The Association of the United States Army (AUSA) exposition and other conferences this year reflected the trend toward a more digital battlespace. But with new technology comes the question: How do we prove that the new technology enhances mission effectiveness? This year technology companies on the floor showed off robots, sensors, and software. It makes for a fun conference, but with almost every demo or conversation, companies couldn't prove how their technology enhances the overall mission effectiveness of the soldier.
In fact, most companies apparently hadn’t thought about quantitatively proving mission effectiveness; they just offered subjective anecdotes. The stakes are too high to simply trust companies pushing new tech. The Army needs to measure the effectiveness of new technology in the military battlespace because if it doesn't, warfighters could pay the ultimate price.
Today’s battlespace and training environments are being flooded with smart technologies—including sensors on soldiers and equipment—that are producing vast amounts of data. By bringing together the technologies and their data, the Army can qualitatively determine how they apply to established measures of effectiveness (MOE) and measures of performance (MOP). The Army does this effectively in small pockets today, but the practice needs to become more ubiquitous across the service.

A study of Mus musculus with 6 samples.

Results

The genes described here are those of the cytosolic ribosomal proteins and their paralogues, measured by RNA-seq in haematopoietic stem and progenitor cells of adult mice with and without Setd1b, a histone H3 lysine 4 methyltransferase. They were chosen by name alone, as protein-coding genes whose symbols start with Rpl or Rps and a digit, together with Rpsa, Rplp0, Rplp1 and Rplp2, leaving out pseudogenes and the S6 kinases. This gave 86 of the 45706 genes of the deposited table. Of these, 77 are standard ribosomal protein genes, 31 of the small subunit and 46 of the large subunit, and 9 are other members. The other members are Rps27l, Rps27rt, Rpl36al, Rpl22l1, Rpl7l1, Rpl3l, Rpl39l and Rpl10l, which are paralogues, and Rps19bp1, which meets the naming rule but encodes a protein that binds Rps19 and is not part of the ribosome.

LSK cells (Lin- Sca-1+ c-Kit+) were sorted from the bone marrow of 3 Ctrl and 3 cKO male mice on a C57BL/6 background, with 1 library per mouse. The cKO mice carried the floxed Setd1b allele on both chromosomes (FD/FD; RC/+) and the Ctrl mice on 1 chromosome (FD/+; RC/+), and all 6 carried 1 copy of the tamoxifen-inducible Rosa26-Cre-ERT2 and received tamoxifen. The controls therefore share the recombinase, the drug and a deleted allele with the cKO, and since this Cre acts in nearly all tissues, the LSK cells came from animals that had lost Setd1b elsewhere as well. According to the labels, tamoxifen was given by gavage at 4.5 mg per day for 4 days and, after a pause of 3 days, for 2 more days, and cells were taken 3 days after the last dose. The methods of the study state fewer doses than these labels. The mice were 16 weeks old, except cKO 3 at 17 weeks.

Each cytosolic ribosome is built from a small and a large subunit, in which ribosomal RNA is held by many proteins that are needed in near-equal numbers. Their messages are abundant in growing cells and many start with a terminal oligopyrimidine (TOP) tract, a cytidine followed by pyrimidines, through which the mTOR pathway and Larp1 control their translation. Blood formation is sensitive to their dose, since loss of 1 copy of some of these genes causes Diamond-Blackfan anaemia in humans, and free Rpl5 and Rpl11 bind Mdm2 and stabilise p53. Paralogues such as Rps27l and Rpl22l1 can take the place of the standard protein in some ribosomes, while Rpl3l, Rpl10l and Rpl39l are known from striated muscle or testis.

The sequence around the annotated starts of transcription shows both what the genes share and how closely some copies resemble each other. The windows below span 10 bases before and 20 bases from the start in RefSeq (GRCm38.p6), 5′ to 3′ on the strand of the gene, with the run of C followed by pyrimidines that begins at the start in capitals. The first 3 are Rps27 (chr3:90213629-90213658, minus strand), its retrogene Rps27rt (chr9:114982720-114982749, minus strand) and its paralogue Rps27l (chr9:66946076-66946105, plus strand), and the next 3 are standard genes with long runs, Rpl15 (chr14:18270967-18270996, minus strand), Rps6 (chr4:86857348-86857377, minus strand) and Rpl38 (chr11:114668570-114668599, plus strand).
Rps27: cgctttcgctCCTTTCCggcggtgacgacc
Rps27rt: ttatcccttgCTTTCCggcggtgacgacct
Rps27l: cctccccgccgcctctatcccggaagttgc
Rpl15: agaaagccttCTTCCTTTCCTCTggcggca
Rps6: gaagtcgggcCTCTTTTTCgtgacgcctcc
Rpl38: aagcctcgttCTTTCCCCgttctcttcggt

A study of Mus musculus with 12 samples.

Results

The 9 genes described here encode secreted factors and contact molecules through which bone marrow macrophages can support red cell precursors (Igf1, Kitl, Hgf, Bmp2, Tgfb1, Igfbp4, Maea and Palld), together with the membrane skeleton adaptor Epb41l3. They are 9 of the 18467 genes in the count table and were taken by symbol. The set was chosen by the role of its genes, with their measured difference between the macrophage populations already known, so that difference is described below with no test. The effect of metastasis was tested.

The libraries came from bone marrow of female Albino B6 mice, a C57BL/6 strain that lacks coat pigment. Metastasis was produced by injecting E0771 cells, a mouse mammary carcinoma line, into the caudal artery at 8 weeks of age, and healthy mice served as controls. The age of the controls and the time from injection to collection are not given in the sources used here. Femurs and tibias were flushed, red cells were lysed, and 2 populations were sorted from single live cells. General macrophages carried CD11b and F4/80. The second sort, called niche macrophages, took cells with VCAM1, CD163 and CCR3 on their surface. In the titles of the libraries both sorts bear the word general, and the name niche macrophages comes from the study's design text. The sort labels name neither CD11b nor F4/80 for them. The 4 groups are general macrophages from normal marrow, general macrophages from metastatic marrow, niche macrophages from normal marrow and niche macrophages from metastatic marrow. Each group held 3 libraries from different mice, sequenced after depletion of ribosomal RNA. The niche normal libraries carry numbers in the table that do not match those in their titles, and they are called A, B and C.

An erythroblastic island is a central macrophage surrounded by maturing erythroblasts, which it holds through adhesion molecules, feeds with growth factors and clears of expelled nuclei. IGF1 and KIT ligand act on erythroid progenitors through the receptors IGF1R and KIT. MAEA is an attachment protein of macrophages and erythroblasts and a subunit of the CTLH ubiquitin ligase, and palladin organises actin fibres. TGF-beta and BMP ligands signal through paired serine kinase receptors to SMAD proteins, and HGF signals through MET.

At the same time, the industry needs to hold itself more accountable to prove its solutions. The technology might be innovative, but if it doesn’t enhance the ability of the nation's warfighters to complete a mission, then it’s a distraction.
Technologies such as artificial intelligence, augmented reality, autonomous devices, and smart sensors, along with the push toward joint all-domain command-and-control (JADC2), are contributing to a more complex digital battlespace. This requires the industry to do better in quantitatively measuring the impact of technology on the performance of soldiers.